Known as the salmonella rule, it was developed by the Almond Board of California in response to outbreaks earlier in the decade and implemented by the U.S. Department of Agriculture.
In Washington, D.C., U.S. District Court Judge Ellen Segal Huvelle ruled Jan. 18 in a suit brought by Nick Koretoff Ranches, Fresno, Calif., against USDA Secretary Tom Vilsack.
Fifteen almond growers and handlers participated in earlier legal challenges. As they saw it, the policy hands over domestic market share to unpasteurized imports from Spain and Italy.
Steve Koretoff, general manager at Kerman, Calif.-based Purity Organics, estimates the rule cost his business at least $250,000 in lost sales the first year and more since.
“We still have an unlevel playing field,” he said. “We’re at a disadvantage compared to anybody in the raw foods movement. People are buying our competitors’ product when they could be buying it from us and we’re right in their back yard.”
In her 30-page ruling, the judge found the pasteurization requirement consistent with the almond marketing order’s outgoing quality control provisions.
“Because the salmonella rule ensures that only salmonella-free almonds are sold, it is not unreasonable for (Vilsack) to have deemed it a minimum quality requirement that contributes to orderly marketing and serves the public interest,” Huvelle wrote.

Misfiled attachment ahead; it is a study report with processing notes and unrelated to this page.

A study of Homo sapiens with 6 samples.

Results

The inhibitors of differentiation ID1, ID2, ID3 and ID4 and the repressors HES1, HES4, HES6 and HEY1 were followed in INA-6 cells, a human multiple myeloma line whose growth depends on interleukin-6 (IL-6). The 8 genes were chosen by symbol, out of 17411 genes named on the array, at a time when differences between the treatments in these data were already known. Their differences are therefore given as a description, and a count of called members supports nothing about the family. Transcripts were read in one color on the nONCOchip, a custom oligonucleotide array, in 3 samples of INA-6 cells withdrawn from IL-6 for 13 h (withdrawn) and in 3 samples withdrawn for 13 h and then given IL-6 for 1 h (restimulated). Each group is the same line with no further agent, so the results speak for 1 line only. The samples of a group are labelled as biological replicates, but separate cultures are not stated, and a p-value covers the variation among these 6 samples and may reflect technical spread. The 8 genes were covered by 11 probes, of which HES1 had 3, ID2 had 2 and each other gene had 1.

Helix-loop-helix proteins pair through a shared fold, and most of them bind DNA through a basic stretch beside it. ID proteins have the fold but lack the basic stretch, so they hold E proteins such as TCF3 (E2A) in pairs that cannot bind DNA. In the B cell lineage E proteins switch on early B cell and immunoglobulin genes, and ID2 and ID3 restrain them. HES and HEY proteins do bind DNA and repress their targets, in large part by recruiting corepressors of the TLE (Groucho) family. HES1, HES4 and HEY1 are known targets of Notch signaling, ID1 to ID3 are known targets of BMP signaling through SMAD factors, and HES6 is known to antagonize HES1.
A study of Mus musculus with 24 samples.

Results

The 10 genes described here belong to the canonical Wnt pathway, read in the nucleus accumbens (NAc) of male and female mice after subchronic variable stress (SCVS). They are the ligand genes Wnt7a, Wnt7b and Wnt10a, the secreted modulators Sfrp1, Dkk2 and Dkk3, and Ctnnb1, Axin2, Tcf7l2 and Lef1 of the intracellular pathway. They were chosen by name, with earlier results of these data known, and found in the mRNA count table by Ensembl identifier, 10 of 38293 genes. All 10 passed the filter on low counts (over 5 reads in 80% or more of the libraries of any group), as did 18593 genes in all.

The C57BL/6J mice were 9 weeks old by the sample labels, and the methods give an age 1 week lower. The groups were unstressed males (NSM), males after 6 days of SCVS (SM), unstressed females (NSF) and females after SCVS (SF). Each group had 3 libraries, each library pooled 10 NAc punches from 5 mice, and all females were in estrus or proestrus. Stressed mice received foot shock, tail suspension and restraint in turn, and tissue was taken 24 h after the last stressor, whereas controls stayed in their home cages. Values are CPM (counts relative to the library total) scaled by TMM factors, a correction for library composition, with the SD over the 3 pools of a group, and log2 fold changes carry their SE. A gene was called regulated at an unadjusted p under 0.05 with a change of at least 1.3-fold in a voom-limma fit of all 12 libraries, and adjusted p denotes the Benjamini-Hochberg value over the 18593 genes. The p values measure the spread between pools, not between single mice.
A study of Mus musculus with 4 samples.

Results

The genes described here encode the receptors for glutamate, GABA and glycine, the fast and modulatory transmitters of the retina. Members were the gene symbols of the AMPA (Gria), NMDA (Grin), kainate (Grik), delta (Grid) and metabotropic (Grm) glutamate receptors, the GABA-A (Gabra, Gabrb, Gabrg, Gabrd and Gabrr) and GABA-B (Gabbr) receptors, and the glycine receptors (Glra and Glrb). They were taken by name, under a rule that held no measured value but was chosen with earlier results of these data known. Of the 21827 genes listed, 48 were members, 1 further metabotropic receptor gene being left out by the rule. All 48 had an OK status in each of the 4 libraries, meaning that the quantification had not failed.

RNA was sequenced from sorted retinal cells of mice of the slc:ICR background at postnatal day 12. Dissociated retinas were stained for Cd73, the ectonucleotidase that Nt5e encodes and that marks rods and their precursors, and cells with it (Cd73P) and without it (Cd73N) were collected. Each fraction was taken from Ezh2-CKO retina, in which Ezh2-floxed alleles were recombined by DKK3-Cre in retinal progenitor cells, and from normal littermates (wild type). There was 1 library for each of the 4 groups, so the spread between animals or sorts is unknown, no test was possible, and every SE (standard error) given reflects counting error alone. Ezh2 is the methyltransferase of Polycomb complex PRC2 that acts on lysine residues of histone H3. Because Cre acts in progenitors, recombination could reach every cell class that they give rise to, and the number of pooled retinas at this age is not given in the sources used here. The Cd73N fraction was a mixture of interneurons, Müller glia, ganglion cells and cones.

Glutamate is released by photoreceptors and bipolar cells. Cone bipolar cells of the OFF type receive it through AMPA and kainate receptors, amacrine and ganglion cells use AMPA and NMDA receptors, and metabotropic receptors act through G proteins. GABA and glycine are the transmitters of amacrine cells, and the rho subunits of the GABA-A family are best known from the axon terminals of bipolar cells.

“The summary judgment we had hoped for would have said the Almond Board of California and the USDA did not have the legal authority to rule on quality as it pertains to bacterial contaminants,” said Will Fantle, co-director of Wisconsin-based The Cornucopia Institute, which helped coordinate the legal action.
California organic almond growers respect food safety concerns, Steve Koretoff said, despite opposing the rule.
“We’re in this dilemma where we think people should be able to buy raw food if they want, but at the same time we need to be conscious of how a potential outbreak would affect our market,” he said. “We asked the board for mandatory sampling rather than mandatory pasteurization. If any product had a presumptive positive test, then you’d pasteurize that lot. The board for whatever reason didn’t feel that was an adequate safety net.
“It seems to me that if this was truly a public health issue, all almonds sold in the U.S. would have to fall under the rules and regulations California product is subject to.”